A dangerous kind of green: South Carolina police warn parents about heroin that looks almost like cannabis

The Greenwood Police Department (GPD) in South Carolina issued an advisory to parents this week cautioning them about a recent discovery in which a green substance tested positive as heroin, but looked quite a bit like cannabis.

The advisory posted on Facebook implores PARENTS: PLEASE READ. In a straightforward approach surely meant to get parents’ attention, police kick off by asking: “If you saw this, what would you think it was? Candy? Marijuana? This is heroin.”

During a recent investigation, reportedly prompted following a traffic stop, the GPD notes it located the substance which, when later tested, was positive as heroin. “It’s so green and textured that you might mistake it for marijuana at first,” the advisory notes.
 
Reporting that just the small amount pictured has a street value of well over US$1,000 ($1,240), the GPD notes it is “committed to continuing the fight against drugs in our city” and ensuring that parents and guardians have “the best information possible so that you are better able to protect your children.”

One person commenting on the police post noted: “ I’d like to see one of the pieces cut open and also what the coating is, or was. It would help in keeping an eye out for crap like this.” Another poster thanked the police for providing a photo, adding “ more photos of other drugs would be helpful. ”

According to 7News, GPD public information officer Jonathan Link reports: “This is not something people just smoke a little bit and walk away. This is the kind of thing that grips people and puts them in the addiction, recovery process for the rest of your life.”

But Link notes the substance, which initially looks like cannabis that has been compressed, but when manipulated is much more of a “powdery, kind of a crystal substance,” Link adds.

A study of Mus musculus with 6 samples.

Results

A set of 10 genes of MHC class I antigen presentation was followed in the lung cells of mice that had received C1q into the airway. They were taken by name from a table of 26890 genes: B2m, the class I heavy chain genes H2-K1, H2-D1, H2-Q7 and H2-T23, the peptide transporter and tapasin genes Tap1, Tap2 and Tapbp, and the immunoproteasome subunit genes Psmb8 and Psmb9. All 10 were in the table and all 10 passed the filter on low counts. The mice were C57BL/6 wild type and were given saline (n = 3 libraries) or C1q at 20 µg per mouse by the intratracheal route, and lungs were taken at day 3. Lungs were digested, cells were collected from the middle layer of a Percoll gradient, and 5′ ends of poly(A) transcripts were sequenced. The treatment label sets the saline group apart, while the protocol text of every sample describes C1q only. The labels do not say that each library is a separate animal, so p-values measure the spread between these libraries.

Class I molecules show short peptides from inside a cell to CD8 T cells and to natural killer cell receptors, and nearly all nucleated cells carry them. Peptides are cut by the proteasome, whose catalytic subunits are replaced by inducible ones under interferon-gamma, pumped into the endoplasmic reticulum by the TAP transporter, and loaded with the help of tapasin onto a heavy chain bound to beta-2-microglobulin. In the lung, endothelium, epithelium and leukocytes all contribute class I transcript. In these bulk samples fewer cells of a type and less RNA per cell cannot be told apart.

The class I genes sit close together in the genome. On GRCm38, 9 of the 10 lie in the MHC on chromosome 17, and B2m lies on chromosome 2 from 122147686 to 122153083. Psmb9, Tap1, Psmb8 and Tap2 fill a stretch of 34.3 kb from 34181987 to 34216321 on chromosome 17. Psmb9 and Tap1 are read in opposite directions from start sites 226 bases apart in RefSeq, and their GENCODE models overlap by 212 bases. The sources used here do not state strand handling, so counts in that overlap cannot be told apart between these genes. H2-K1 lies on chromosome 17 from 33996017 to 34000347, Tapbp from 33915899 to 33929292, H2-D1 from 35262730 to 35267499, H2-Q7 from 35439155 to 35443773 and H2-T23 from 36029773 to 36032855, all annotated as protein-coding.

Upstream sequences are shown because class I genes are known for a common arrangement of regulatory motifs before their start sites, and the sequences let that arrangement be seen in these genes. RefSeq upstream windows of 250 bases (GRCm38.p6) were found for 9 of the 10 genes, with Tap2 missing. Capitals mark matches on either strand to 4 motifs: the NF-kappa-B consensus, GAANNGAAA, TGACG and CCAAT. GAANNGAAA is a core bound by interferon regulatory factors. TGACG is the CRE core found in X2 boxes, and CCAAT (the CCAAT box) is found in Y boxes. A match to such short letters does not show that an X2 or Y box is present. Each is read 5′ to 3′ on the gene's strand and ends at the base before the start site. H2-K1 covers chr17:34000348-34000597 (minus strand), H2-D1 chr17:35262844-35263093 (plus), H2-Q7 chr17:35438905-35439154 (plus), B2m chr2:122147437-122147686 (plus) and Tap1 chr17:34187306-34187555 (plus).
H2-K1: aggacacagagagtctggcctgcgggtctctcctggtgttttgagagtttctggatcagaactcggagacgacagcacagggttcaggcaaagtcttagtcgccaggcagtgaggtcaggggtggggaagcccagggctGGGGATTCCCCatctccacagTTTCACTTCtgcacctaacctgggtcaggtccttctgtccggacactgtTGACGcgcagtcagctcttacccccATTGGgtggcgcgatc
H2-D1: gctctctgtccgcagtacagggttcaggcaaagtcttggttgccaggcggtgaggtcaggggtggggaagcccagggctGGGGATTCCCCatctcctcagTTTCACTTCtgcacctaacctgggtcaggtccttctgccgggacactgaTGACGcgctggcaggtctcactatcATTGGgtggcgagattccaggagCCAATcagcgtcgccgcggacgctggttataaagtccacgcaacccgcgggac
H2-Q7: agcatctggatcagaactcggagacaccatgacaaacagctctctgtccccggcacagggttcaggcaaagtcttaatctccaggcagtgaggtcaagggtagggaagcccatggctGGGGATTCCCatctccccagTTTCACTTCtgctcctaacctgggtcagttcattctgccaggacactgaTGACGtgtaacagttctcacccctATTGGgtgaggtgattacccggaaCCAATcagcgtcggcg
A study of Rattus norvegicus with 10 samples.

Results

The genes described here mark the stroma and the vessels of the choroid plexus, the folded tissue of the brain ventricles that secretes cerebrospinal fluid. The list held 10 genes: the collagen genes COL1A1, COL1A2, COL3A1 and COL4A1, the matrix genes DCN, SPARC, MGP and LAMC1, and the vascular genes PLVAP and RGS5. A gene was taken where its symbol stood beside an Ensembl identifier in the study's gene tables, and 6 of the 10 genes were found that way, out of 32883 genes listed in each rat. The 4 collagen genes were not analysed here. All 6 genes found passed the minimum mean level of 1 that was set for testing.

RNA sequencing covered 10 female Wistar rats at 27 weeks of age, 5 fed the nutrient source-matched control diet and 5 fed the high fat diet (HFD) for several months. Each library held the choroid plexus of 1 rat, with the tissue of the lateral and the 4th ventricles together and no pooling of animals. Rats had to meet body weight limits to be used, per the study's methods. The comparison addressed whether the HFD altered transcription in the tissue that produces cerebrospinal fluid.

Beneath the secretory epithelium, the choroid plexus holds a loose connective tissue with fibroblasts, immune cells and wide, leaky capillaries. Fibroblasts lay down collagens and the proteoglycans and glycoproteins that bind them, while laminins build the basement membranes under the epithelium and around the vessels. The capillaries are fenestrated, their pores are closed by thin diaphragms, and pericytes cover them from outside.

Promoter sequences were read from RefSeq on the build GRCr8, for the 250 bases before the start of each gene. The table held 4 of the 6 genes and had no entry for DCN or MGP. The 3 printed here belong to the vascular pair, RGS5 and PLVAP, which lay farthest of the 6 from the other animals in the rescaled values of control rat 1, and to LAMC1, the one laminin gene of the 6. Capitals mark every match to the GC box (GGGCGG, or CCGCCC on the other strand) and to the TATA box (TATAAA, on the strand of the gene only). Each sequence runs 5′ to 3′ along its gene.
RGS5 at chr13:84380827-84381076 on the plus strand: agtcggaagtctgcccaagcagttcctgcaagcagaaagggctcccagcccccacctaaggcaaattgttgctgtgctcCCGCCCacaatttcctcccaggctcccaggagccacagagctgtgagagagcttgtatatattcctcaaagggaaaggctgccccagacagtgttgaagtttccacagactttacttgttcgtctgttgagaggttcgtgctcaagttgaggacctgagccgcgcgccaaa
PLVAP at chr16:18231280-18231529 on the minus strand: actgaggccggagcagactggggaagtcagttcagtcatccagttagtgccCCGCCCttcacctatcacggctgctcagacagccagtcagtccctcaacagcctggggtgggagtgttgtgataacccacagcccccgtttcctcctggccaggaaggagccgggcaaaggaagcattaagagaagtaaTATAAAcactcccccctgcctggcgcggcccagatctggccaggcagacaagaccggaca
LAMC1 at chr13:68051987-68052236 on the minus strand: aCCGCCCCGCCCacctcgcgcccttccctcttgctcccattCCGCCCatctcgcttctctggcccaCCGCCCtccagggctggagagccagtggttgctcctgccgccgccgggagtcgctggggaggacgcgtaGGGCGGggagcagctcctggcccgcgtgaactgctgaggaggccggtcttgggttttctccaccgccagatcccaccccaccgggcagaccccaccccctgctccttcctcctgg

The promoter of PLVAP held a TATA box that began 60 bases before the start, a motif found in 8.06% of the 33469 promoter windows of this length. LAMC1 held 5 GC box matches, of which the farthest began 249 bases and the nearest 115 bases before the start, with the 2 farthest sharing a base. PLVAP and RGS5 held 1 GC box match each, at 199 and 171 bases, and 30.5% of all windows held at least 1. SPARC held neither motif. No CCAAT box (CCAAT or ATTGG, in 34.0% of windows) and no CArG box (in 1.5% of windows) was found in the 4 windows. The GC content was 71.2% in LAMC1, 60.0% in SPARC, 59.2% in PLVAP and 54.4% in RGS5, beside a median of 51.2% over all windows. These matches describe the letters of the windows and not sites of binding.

Adult-use cannabis is illegal in South Carolina, with the Price Benowitz law firm reporting, “while other states have either de-criminalized or legalized marijuana possession, South Carolina still aggressively prosecutes these charges.”

A first offence for possessing an ounce (28 grams) or less of weed can result in a misdemeanour charge punishable by 30 days in jail and a US$200 ($250) fine, while a subsequent offence can spur a year in jail and a US$2,000 ($2,500) fine, reports the National Organization for the Reform of Marijuana Laws (NORML).

But sale or trafficking of less than 10 pounds (4.5 kilograms) of cannabis is a felony charge carrying a maximum penalty of five years in prison and a US$5,000 ($6,250) fine, according to NORML.

Trafficking four to 14 grams of heroin, for a first offence, carries a mandatory minimum sentence of seven years and a maximum of 25, Thompson & Hillier reports . A second offence is a mandatory sentence of 25 years imprisonment.

Some question the economic reasoning of lacing cannabis with more expensive drugs.

“Spiked marijuana is a myth,” notes one Quora poster . “Weed is one of the cheapest drugs and cutting it with another drug is not as cost effective as is cutting other drugs such as cocaine or diamorphine,” the commenter reasons.

That said, American Addiction Centers reports that marijuana could be laced with, among other substances, lead or other heavy metals, glass, fungus and bacteria, heroin, LSD and cocaine.

According to Drug Rehab, “It can be nearly impossible to determine if marijuana is laced with another drug or substance” and that “many impurities are undetectable by do-it-yourself tests.” That said, an obviously suspicious colour or pungent smell could be a warning that something is not right, the group advises.